Two thirds of Victorian men aged 50–54 missing out on lifesaving bowel screening
With only one third of eligible Victorian men aged 50–54 participating in the National Bowel Cancer Screening Program, Cancer Council Victoria has launched an urgent call for them to complete the free life-saving test when it arrives in their mailbox every two years.
Launching today, the campaign airs across TV, radio and digital channels in Victoria to highlight the importance of finding bowel cancer early, when successful treatment is more likely.
Screening Program Manager at Cancer Council Victoria, Kate Broun said while bowel screening is important for all people aged 50–74, the campaign is tailored for Victorian men in their 50s to increase screening rates in this age group and ultimately save hundreds of lives.
“We know that the risk of developing bowel cancer increases from the age of 50. It is shocking to see that only 33 per cent of men aged 50–54 and only 38 per cent of men aged 55–59 are taking part in the National Bowel Cancer Screening Program,” Ms Broun said.
“We’re urging these men to prioritise their health and complete their bowel screening test, especially if COVID-19 means you’re spending more time at home – now is the perfect time to do the test. When you receive the test don’t put it in the cupboard and forget about it – you could be ignoring the chance to save your life.”
Cancer Council Victoria’s first bowel screening campaign in 2017 resulted in approximately 12,500 extra Victorians screening for bowel cancer, potentially saving more than 300 people from developing bowel cancer and more than 180 from dying of bowel cancer.
Gastroenterologist at Royal Melbourne Hospital, A/Professor Andrew Metz warned that many Victorian men may be complacent about their chances of developing bowel cancer and putting their lives at risk by ignoring the test.
“Bowel cancer is our second biggest cancer killer, taking around 100 Australian lives each week. Yet, if more people completed the at-home bowel screening test every two years, many of these lives could be saved,” Dr Metz said.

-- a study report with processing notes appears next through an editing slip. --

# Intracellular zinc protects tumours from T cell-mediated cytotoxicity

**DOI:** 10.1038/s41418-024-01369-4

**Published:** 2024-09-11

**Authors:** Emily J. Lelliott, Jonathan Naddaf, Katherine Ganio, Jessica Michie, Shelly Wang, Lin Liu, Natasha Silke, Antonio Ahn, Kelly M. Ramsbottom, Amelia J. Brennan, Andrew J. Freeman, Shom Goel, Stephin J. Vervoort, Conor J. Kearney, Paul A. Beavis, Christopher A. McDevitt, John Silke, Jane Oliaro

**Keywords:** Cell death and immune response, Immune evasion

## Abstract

“The test is quick, simple and hygienic and can be completed in the comfort of your own home. It spots the early signs of bowel cancer when effective treatment is more likely – in fact, 90 per cent of bowel cancer cases can be treated successfully if found in the early stages.”
“They say life begins at 50 – so we’re asking Victorian men to grab life by the horns, put their health first and tick bowel screening off their to-do list for the sake of themselves and their loved ones.”
The mass media campaign, which includes TV, radio, digital and social media advertising, will run over six-weeks from mid-September 2020, supplemented by engagement activities with GPs and workplaces.
Tailored materials for Arabic- and Tamil-speaking Victorians have also been developed to address low screening rates within these communities.
For more information about the bowel screening campaign visit bowelcancer.org.au.
Erik received the bowel screening test in the mail shortly after his 50th birthday. He’s glad that he completed the test with no delay and urges other men to do the same.
“Though I normally wouldn’t have bothered, something prompted me to do the test straight away. The test result came back positive, so my GP immediately sent me for a colonoscopy.”
“The procedure detected a tumour and I was booked in for surgery. Within a week of diagnosis, the tumour was removed. The cancer was classified as Type 2 A bowel cancer.”
He said it’s important to remember that the risk of developing bowel cancer increases from the age of 50 and often develops without symptoms.
“The diagnosis left me stunned. I could not see this coming as I am healthy, active, a nonsmoker, and had absolutely no symptoms.”
“It is scary to think – if I hadn’t done the test and the tumour not been detected, I probably would have found out once I had symptoms which could have been too late.”
He encourages other men in their 50s to take advantage of the free National Bowel Cancer Screening Program and do the test.
“It is such a simple and well-designed test. I would highly recommend doing the test to give you peace of mind. Plus, it could potentially save your life – it saved mine!”